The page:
Seven-year asset class forecast returns: 2016 update
Equities and alternatives are predicted to deliver the most attractive real returns over the next seven years.
10 August 2016
Our seven-year returns forecast largely builds on the same methodology that has been applied in previous years, as explained in the appendix to this document; and has been updated in line with current market conditions and changes to the forecasts provided by the Global Economics team.
This document compares our current return forecasts to those last published in July 2015.
One key change this year has been an overhaul of our methodology for equity returns forecasting to better capture changing trends in earnings performance, which is explained in greater detail in the appendix.
However, as a result equity returns are not readily comparable between this year and previous years.
The table below summarises our asset class forecasts for the next seven years.
- Cash and bonds now universally offer a negative real return, while all equity markets bar the UK offer positive returns.
- Credit markets find it difficult to escape the pull of negative rates in bonds and cash, but still offer some small inflation-adjusted gains.
- Alternative assets look to be the next most attractive asset category after equities, but in generally it looks like Asian (Japan, emerging markets, but especially Pacific ex Japan) equities are the best bet.
Our overall growth forecast for the next seven years shows a recovery in the world economy, although one that is sub-par by past standards.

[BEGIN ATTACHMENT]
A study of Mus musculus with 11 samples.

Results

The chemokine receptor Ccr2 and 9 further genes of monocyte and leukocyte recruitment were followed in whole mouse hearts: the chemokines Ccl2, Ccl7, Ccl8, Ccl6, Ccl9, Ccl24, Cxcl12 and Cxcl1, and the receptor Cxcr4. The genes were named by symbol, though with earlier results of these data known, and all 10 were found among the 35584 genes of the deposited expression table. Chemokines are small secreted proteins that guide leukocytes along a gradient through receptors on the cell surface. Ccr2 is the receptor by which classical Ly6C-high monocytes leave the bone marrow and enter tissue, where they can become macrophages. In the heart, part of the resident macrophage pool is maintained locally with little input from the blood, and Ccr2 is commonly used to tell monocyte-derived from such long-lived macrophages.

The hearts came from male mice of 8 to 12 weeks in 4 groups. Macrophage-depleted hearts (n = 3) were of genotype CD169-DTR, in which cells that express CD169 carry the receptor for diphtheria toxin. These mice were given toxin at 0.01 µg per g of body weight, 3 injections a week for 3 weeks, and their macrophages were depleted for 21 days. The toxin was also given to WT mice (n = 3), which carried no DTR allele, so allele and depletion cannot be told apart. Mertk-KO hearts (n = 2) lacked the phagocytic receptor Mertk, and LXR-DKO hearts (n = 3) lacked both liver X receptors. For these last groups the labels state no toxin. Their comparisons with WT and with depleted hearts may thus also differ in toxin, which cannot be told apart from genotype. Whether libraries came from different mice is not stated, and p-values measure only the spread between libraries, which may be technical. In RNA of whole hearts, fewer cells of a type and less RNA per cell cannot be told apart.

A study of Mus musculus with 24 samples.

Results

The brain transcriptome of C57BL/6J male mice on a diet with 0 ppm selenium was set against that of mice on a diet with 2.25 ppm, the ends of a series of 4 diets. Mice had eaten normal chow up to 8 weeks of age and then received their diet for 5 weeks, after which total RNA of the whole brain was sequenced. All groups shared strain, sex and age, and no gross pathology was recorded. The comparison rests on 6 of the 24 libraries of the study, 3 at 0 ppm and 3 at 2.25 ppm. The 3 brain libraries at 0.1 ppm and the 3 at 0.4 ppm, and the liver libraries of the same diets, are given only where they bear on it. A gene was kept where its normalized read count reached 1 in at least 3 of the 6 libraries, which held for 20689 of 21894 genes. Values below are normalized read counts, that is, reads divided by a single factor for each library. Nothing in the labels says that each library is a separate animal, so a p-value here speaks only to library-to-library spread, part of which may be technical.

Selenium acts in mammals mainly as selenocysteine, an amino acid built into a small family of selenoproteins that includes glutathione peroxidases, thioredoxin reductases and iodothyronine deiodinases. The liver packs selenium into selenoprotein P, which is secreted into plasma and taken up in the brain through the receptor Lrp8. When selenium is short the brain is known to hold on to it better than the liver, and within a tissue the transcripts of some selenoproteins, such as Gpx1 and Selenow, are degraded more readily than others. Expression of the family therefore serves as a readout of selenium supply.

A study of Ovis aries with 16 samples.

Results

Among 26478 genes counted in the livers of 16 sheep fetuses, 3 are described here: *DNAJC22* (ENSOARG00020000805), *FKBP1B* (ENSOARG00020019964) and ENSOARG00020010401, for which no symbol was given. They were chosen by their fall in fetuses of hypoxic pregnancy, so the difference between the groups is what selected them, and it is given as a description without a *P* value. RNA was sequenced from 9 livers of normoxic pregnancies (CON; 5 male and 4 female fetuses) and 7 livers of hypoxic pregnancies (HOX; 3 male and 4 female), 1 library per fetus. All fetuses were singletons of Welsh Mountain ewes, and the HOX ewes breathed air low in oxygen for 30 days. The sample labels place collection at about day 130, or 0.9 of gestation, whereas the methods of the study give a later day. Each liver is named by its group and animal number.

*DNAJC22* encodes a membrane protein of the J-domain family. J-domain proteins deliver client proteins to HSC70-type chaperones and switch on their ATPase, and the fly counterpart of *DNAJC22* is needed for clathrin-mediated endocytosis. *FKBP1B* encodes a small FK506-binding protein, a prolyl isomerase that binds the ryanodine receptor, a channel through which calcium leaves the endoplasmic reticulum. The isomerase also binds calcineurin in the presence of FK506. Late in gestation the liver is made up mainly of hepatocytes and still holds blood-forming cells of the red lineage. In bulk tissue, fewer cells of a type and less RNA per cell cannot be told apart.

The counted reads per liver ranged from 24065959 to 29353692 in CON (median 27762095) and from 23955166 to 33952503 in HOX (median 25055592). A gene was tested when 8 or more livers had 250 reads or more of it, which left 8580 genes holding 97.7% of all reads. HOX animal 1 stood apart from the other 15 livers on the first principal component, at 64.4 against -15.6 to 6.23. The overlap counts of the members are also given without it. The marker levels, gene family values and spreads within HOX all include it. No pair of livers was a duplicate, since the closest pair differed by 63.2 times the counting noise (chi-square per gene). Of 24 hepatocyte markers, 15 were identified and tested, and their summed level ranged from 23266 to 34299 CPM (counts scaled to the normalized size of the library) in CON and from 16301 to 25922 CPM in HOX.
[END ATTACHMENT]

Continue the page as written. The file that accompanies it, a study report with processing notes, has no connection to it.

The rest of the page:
We have again downgraded our short-term growth forecasts for the US to reflect a more pessimistic outlook for labour force and productivity growth, and some impact from the UK referendum vote.
Demographics are expected to weigh on the participation rate, and we do not see productivity growth returning to pre-crisis rates.
Inflation too has been revised lower, outside of the eurozone. Inflation in the emerging markets (EM) has seen the largest downgrade, driven by markets like Brazil and Russia where inflation is dropping from very high levels in 2015.
Beyond EM, the fall is driven mainly by the weaker growth outlook and in Japan by the apparent failure of monetary policy as negative rates backfire. Higher eurozone inflation results chiefly from a weaker euro.
Please find the full analysis of asset class returns at the link below.